Woodland salamanders perform a vital ecological service in American forests by helping to mitigate the impacts of global warming.
Global warming occurs when greenhouse gases like carbon dioxide are released into the atmosphere. Woodland salamanders facilitate the capture of this carbon before it is released by feeding on invertebrates (beetles, earthworms, snails, ants, etc.) that would otherwise release carbon through consumption of fallen leaves and other forest debris. Woodland salamanders are the most common vertebrate species in American forests; consequently, these small, seldom-seen animals may play a significant role in regulating the capture of carbon from leaf litter in forest soils.
Dr. Hartwell Welsh, Jr., research wildlife biologist at the U.S. Forest Service’s Pacific Southwest Research Station (PSW), helped conduct a study in northwestern California that examined how woodland salamander predation on invertebrates indirectly affects the amount of leaf litter retained for soil-building where nutrients and carbon are captured at the litter-soil interface.
The objective of the study was to investigate the role of salamanders in regulating invertebrate abundances and how that influenced leaf litter retention. The study included soil moisture as a covariate and field enclosures on the forest floor to quantify the effects of woodland salamanders. The study was conducted over two rainy seasons, and found that woodland salamander predation on invertebrates suppressed some populations of invertebrates and released others, with the overall result of increased litter retention and carbon capture in the soil. However, the strength of the effect was modulated by the timing and amount of precipitation.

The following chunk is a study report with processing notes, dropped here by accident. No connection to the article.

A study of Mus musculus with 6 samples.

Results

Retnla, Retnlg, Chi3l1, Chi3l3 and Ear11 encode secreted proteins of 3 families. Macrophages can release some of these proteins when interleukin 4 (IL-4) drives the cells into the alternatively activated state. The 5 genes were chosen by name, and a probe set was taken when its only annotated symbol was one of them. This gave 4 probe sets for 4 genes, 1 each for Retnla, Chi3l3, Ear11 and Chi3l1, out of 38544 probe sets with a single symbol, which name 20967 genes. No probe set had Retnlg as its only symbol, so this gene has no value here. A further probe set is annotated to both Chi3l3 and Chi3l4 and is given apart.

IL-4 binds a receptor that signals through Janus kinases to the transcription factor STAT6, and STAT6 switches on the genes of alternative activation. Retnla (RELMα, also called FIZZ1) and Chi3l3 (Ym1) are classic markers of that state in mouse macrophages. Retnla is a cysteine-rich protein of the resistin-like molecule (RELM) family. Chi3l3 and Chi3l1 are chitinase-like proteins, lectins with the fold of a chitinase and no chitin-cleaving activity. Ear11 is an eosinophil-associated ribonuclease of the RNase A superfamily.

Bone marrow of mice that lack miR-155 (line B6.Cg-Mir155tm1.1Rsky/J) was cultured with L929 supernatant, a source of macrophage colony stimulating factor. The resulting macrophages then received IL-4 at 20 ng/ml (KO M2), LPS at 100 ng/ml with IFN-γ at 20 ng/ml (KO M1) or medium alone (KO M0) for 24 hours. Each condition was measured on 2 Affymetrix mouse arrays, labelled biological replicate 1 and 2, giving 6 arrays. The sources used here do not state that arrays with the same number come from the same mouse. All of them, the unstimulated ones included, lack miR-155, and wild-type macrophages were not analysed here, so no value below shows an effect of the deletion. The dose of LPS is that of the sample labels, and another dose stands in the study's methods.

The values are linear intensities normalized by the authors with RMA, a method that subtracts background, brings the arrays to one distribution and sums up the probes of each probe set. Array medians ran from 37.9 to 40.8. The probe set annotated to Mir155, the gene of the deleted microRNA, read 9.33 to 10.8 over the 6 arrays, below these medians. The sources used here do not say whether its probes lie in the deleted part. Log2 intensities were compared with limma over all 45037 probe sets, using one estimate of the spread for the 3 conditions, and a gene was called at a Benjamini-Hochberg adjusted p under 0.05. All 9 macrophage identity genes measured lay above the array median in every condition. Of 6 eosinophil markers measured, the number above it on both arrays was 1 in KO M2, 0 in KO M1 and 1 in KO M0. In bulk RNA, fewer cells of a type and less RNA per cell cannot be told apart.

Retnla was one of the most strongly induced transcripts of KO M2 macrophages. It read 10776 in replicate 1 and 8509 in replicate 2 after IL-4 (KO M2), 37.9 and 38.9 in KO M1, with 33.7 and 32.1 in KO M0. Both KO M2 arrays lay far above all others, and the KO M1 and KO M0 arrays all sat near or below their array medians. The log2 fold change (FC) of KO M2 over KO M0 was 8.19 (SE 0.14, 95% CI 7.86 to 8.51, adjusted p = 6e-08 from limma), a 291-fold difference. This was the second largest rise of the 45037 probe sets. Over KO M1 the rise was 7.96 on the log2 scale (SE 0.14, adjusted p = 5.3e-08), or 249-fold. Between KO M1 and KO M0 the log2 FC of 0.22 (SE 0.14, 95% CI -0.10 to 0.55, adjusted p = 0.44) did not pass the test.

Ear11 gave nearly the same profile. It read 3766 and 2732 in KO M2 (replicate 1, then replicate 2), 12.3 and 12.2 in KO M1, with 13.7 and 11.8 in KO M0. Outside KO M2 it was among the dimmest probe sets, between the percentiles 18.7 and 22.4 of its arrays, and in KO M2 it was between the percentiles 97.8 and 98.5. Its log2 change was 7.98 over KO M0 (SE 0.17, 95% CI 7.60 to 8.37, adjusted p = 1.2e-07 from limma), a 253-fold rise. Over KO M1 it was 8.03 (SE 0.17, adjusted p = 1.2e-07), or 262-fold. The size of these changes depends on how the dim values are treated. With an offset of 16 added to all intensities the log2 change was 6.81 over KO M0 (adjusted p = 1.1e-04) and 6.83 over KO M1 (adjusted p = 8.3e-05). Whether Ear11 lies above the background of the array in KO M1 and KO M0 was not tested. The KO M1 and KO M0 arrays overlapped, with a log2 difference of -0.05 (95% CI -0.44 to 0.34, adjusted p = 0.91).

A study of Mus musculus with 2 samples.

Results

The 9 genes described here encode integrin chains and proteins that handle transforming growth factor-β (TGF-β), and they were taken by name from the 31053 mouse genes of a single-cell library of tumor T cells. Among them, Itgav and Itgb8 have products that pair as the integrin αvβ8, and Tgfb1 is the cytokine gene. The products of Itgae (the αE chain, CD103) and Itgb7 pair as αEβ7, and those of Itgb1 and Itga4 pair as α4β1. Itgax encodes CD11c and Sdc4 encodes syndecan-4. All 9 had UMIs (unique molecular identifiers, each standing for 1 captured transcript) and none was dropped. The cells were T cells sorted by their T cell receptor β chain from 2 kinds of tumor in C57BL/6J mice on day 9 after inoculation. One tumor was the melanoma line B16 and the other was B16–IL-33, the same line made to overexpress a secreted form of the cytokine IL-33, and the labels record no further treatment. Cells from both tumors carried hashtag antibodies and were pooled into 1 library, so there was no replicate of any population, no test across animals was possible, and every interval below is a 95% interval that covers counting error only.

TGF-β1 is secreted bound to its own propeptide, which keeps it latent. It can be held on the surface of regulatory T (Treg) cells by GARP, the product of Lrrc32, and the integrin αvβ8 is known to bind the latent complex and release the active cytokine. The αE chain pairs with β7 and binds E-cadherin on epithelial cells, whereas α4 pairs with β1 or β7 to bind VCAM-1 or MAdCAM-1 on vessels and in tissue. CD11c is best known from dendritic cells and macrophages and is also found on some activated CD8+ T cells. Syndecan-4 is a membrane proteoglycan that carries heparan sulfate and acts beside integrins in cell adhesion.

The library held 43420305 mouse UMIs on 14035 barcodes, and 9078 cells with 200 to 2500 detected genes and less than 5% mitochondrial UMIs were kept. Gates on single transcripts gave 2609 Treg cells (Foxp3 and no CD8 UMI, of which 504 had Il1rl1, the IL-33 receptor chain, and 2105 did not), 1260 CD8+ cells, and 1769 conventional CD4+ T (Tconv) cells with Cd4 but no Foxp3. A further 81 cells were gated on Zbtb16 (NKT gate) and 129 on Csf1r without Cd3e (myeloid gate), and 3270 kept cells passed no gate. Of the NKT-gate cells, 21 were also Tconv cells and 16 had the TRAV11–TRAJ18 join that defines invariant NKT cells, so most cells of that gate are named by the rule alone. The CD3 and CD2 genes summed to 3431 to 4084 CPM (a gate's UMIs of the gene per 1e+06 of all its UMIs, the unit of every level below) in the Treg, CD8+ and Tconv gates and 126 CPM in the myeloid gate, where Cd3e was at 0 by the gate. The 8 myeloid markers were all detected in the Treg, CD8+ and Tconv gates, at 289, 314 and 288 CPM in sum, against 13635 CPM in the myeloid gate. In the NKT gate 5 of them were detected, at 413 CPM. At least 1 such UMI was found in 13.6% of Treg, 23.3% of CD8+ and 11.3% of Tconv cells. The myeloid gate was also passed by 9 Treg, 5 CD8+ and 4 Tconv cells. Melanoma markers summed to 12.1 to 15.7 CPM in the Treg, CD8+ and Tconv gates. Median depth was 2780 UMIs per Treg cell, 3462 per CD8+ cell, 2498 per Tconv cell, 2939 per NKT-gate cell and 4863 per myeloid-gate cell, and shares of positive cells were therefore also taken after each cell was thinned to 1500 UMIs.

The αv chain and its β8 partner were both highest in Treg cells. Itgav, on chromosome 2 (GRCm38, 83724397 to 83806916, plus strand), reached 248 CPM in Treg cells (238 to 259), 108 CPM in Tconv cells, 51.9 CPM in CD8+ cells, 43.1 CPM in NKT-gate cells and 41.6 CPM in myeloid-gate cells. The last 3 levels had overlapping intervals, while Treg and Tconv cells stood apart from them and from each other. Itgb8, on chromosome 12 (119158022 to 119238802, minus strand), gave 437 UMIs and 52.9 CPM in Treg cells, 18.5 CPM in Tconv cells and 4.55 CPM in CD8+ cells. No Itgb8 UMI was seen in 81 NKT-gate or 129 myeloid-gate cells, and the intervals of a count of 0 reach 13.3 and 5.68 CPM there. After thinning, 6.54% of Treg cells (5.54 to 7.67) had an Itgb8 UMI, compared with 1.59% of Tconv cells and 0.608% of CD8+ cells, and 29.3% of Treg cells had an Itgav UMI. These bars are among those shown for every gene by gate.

This research is unique and important, and will increase public understanding of how the impacts of global warming may be countered and raise awareness of the ecological role woodland salamanders play in the forest carbon cycle. “The renowned evolutionary biologist E.O. Wilson once said it is the little things that run the world,” Dr. Welsh said. “While Wilson probably had in mind invertebrates, I think he would agree that our research on the influence of one of the primary predators on invertebrates, and their influence on the forest carbon cycle, is a good example of what he was talking about.”